Any way to make Index/Deref return a non-reference for types that implement Copy?


#1

The official implementation of Deref states it returns a reference. E.g., from the example

impl Deref for DerefExample {
type Target = T;

fn deref(&self) -> &T {
    &self.value
}

}

Similarly for Index.

Is there a version (called something else?) in nightly that returns a T rather than a &T for types that implement Copy?

If I’m understanding the implications of the current interface correctly, forcing a &T is annoying.

Context: I want to wrap up external hardware memory on a micro-controller using Rust so I can Index it (cleanly!) as an array by overloading Index or as a struct and overload Deref, yet make sure every load and store uses read_volatile, write_volatile and does bounds checking. Right now, this won’t work, b/c if I return a reference to the memory rustc will then generate code to access the referent using normal loads and stores.

But, hopefully I’ve misunderstood something, otherwise the Rust code is going to look significantly uglier than the C code would.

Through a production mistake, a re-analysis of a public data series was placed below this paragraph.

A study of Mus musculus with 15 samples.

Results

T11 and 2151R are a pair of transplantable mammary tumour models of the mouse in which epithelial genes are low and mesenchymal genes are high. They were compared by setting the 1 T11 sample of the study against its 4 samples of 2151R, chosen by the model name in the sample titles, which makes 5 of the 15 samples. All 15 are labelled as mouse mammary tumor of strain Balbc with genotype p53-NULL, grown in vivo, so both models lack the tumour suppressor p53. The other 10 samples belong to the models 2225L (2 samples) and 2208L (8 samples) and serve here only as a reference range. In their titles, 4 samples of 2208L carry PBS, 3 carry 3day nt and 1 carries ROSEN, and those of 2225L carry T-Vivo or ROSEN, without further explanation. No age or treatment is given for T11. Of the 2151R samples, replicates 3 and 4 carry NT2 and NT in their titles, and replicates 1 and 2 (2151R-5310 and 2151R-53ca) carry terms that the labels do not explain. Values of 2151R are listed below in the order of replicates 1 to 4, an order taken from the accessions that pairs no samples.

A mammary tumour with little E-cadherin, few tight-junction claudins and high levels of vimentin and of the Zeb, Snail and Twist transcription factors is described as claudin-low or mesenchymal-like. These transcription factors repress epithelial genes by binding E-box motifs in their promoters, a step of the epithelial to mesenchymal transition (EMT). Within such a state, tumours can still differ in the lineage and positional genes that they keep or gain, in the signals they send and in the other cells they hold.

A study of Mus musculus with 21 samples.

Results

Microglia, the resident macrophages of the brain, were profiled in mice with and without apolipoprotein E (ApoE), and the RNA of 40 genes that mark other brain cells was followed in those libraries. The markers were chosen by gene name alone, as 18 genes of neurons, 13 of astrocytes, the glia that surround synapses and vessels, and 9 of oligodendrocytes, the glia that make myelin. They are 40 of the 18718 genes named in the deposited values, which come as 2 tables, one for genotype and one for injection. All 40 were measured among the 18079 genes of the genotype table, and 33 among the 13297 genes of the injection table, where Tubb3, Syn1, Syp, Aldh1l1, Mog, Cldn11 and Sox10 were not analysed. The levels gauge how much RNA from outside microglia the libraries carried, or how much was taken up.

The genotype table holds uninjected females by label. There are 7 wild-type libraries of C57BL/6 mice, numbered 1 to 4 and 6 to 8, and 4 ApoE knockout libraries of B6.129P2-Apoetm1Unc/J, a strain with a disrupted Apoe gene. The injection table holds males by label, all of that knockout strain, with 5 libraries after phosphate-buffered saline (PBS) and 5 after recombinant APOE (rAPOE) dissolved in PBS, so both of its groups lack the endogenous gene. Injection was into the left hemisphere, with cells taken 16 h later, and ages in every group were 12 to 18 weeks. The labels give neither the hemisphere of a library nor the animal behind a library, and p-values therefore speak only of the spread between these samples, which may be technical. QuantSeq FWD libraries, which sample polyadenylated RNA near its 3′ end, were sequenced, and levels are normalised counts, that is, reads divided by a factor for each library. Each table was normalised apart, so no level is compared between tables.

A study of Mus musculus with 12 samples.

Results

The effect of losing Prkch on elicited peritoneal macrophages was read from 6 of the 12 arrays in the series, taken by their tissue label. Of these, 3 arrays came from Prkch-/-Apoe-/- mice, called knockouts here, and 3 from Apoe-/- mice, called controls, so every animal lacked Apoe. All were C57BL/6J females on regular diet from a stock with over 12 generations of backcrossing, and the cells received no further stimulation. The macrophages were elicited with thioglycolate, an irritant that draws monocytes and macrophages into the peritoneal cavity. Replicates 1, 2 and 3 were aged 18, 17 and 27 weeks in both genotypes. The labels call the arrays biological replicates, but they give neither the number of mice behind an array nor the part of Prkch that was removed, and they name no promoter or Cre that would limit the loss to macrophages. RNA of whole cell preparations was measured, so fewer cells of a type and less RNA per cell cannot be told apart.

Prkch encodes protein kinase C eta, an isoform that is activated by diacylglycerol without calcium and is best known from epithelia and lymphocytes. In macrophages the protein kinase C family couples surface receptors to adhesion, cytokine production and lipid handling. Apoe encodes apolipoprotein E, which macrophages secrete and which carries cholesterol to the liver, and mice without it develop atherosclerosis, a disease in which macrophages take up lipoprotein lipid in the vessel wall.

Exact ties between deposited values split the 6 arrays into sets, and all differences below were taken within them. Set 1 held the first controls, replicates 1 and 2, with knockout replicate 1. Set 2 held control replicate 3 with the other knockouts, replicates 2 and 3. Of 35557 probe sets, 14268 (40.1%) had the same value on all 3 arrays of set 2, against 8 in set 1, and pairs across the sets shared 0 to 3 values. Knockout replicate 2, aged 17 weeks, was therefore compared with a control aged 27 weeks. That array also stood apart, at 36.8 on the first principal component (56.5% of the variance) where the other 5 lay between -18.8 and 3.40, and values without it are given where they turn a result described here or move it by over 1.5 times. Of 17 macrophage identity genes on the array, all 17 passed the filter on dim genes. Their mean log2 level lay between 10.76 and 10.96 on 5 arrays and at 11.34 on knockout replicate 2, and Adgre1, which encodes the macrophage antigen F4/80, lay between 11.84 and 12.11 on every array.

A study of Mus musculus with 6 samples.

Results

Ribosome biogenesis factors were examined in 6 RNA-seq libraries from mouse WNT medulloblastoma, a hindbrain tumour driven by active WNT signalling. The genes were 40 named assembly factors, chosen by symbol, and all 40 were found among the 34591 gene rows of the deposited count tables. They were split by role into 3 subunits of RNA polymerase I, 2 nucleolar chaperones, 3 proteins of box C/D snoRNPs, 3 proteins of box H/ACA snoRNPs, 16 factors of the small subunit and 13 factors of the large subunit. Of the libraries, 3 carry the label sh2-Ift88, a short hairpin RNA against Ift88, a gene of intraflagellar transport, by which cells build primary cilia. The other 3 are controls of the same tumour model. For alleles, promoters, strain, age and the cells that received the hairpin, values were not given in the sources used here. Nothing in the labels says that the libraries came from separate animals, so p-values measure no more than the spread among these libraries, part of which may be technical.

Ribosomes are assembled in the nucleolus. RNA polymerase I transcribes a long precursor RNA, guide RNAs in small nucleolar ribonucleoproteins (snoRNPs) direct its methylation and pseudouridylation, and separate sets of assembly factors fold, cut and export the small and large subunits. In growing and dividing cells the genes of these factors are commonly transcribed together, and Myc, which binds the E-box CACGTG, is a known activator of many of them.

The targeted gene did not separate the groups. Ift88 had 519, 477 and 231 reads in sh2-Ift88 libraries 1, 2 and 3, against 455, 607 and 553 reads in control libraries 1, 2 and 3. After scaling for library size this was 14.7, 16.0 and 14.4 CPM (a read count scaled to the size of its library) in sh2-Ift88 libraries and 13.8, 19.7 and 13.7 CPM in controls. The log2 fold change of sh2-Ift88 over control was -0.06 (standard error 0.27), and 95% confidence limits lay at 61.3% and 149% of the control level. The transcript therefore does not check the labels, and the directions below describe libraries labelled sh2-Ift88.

#2

It looks like the alt-os volatile-ptr code might do what I need.
https://github.com/AltOS-Rust/volatile

However, it’d still be great to have a non &T index/deref!


#3

Bump.

If there is any progress on this, I’d be interested to hear about it.

There are many tricks (such as the volatile above) where you’d like to overload deref so you can do something fancy behind the scenes. The fact that you have to return a reference appears to preclude many of them. You can sort-of emulate C’s volatile keyword by using this following clever but gross hack of inserting an asm statement to force the compiler reload values:

                    asm!("" ::: "memory" : "volatile");
                    return mem_location;   // hope that the rust compiler does not hoist this above / remove.

It’d be much cleaner, more reassuring to be able to just do:

                   return volatile_load(&mem_location)

But this doesn’t work b/c you have to return a reference, not a value.


#4

This is a pretty common request and a serious wart in Rust right now (in my opinion). I’m pretty sure this is the RFC you’re looking for:


#5

Sweet, thanks for the pointer! Hope it gets in nightly soon.


#6

Any Copy type also implements Clone so for now you can call clone on the reference to get a value back.